I recently had the opportunity to visit some highly automated distribution facilities in Europe and Japan. These facilities incorporate automated storage, goods-to-person picking, robotic systems, shuttles, and much more.
It's no surprise that much of our industry's high-tech manufacturing is concentrated in Japan and Europe, as there are several important factors that drive automation in those regions. First, land is scarce and expensive. When land is costly, facilities tend to build upward rather than outward. Automation is ideal for tighter footprints.
Another driver of automation is the cost of labor. Economic policies in Europe and Japan provide higher minimum wages than comparable U.S. workers receive. Employees also tend to stay longer with companies than do their American counterparts, making them more expensive over time. It is not uncommon for a worker to spend his entire career with a single employer. It's also more costly to separate from a worker there, as unemployment compensation extends for a longer period and tends to be higher than in the U.S.
Companies overseas also typically tolerate longer returns-on-investments than do most U.S. businesses, so they are willing to approve larger capital expenditures. These factors together make automation attractive.
However, conditions in North America are changing, which makes a closer look at automation worthwhile.
Traditionally, large distribution facilities here could be built in the middle of nowhere, away from large cities, where land was plentiful and cheap. These operations were mostly manual, relying on inexpensive labor. On top of that, much of what they processed was in pallet-load quantities, which are easily handled via manual processes.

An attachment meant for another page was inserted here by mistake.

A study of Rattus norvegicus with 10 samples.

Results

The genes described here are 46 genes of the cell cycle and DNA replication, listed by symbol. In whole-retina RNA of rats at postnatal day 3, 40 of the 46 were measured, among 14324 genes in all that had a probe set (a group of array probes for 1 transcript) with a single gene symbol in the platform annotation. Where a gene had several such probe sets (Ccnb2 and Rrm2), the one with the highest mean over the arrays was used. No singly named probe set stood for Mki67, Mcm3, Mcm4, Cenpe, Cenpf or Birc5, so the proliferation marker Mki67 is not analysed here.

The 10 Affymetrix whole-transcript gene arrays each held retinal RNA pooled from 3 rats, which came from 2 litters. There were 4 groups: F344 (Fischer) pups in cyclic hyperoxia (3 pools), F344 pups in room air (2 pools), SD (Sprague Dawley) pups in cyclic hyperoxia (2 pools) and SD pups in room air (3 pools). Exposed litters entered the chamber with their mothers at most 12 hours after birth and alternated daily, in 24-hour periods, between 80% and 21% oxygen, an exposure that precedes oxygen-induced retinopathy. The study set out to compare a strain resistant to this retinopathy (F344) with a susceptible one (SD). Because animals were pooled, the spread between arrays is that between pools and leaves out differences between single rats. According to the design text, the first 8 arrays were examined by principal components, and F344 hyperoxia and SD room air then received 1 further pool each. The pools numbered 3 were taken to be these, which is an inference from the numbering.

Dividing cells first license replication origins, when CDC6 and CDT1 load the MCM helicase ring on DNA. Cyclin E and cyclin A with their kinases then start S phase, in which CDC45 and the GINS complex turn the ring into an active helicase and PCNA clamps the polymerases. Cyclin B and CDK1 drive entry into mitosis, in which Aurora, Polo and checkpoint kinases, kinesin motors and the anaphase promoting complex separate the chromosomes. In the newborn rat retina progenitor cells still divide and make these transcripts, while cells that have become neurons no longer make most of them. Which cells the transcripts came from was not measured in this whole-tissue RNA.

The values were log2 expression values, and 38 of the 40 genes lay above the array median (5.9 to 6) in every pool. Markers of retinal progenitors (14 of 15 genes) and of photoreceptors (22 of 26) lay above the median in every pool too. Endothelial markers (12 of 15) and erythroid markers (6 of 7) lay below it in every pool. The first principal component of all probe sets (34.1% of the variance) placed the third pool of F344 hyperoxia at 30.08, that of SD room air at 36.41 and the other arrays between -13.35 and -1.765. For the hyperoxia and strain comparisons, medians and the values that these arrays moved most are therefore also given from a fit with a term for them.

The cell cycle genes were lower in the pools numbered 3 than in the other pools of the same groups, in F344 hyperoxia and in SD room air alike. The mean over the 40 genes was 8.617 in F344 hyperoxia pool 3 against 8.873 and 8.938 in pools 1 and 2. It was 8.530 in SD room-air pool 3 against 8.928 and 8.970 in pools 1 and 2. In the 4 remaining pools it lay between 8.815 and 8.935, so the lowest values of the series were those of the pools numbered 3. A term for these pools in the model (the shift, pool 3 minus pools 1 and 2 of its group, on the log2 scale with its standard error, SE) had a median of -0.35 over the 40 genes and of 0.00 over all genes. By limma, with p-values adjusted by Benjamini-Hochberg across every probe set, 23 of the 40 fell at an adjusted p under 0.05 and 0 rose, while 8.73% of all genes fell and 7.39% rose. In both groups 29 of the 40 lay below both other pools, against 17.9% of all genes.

But the growth of e-commerce has altered this landscape. Small items delivered next day are the norm. Even companies not engaged in direct-to-consumer distribution have seen their customers demand their products ship faster and in smaller quantities. Many distributors have responded by moving operations closer to customers—to urban areas, where land and labor are more expensive. The result is that the same factors that drive distribution in Europe and Japan are beginning to be mirrored here. And automation is a good answer, just as it is there.
That is why we will be presenting more automation stories during the coming year, both from overseas and at home. The first story will appear in our January issue and feature febi bilstein, a German supplier of automotive parts. This facility is one of the most highly automated and complex I have ever seen.
We hope you enjoy reading about these facilities, and that they provide ideas that can help you respond to your ever-changing distribution challenges.